Vic is a small but magnificent city in the Barcelona province , in the comunidad autónoma (autonomous community) of Catalonia. The city is situated on the Vic Plain and lies along the Meder River, which is a tributary of the Ter River. Because it was first inhabited by the Ausetanos, an ancient Iberian tribe, it was called Ausa.

The city was Romanized in the 2nd century and took the name Vicus Ausonensis (Ausona) in the 5th century. In 826 it was destroyed by Arab invaders who rebuilt it as Vic in 885. A powerful self-governing city in the Middle Ages, it aided James I of Aragon in his conquest of Valencia (1235–38). The French, under Gen. Joseph Souham, defeated the Spanish at Vic in 1810.

The city has a restored Roman temple, and its Episcopal Museum houses an impressive collection of Catalan art from the Romanesque and Gothic periods. Vic Cathedral, was founded in 1040 and reconstructed in the period 1780–1803, and offers a virtual survey in architectural styles, from its original Romanesque bell tower to its Gothic altarpiece to its Neoclassical facade. It is also notable for the wall paintings of Josep Maria Sert, whose earlier series were destroyed in 1936 when the building was sacked during the Spanish Civil War. The city is a meat-processing and dairy centre that also produces cereals, textiles, leather, and dyes. Population is about 40,000 but serves a wide area beyond the city extending to about 160,000 inhabitants.

Vic can have a persistent fog in winter as a result of a thermal inversion, with temperatures getting as low as -10 °C, an absolute record of -24 °C and episodes of cold and severe snowstorms. For this reason the natural vegetation includes the pubescent oak typical of the sub-Mediterranean climates of eastern France, Northern Italy and the Balkans.

Vic is situated midway between the Pyrenees and the Mediterranean, just over seventy kilometres north of Barcelona. A thriving market town, which attracts people from far and wide. Its colourful past, still evident in the streets and squares of its historic centre, intertwines with its present-day diversity. Vic is rich in contrasts, blending the traditional with the modern, rural life with cutting-edge technologies, the tranquility of a small town with the gaiety of local festivals and markets. Its wealth of museums, universities, archives, historic monuments and associations bear witness to the city’s civic, cultural and artistic heritage. As the capital of Osona, Vic provides a wide range of administrative, health, educational and social services to a wider community of 150,000 inhabitants and has an economy based mainly on the arts, education, trade, industry and various specialist services.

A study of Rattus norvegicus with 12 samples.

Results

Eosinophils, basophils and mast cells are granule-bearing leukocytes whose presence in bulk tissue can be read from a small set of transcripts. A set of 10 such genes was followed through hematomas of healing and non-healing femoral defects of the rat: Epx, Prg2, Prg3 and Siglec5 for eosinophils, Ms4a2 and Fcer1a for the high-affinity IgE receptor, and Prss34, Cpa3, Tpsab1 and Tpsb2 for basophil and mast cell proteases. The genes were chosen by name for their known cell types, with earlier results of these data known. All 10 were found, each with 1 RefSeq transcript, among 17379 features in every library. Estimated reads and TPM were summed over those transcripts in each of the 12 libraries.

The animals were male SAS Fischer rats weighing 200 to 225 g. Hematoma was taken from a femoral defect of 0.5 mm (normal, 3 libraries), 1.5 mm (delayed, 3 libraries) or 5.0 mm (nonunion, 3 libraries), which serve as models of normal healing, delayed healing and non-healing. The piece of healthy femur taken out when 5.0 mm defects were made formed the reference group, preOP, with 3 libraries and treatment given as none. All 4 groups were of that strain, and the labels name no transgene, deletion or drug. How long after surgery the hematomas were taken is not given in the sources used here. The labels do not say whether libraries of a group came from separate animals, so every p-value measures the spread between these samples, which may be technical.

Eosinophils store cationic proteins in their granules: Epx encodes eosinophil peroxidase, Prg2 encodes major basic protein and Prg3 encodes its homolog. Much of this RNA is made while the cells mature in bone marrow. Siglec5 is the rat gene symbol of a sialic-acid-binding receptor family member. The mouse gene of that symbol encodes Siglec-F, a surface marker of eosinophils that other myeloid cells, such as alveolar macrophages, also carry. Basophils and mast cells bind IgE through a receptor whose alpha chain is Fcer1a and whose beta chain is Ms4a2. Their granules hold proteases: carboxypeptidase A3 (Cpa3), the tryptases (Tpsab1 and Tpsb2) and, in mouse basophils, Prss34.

Christmastime at Plaça Major de Vic

Vic is of ancient origin. In past times it was called Ausa by the Romans. Iberian coins bearing this name have been found there. The Visigoths called it Ausona. Sewage caps on sidewalks around the city will also read “Vich”, an old form of the name, which was adopted during the Franco dictatorship and is disapproved of in modern times.

During the 8th and 9th centuries, Vic sat in the Spanish Marches that separated Frankish and Islamic forces. It was first destroyed in 788 during a Muslim incursion. Afterward, only one quarter was rebuilt, which was called Vicus Ausonensis (vicus is Latin for city borough), from which the name Vic was derived. It was repopulated by Wilfred the Hairy in 878 who gained control over the high part of the city and gave up the lowest part to the bishop to construct the episcopal see (ecclesiastical jurisdiction). From then on, the city was ruled by the count of Barcelona and by the bishop of Vic.

At a council in Toulouges in 1027, the bishop of Vic established the first Peace and Truce of God that helped reduce private warfare.

During the 14th century, several Jews flocked to the city and attained prominence, such as Salomo Abraham Taroç

During the 18th century the city was the first focus of the rebellion against the centralist policy of King Philip V of Spain. The conflict became the War of the Spanish Succession

In the early 20th century Vic had 9500 inhabitants, and in 1992 it hosted roller hockey events of the Barcelona 1992 Summer Olympics.

The introduction of Christianity was early. Martyrs of Ausa are recorded in the time of Emperor Decius, and in the earliest records of the Tarraconensian mention Bishop of Vic. None, however, is mentioned by name until 516 when Cinidius is named as assisting at the provincial Council of Tarragona and Girona. Aquilinus (589–99) attended the third Council of Toledo; Esteban, the fourth and one at Egara; Dominus, the sixth of Toledo; Guericus, the eighth; Wisefredus sent his vicar to the thirteenth, and attended in person the fifteenth and sixteenth. With this bishop ends the history of the Church of Ausona before the Saracen invasion.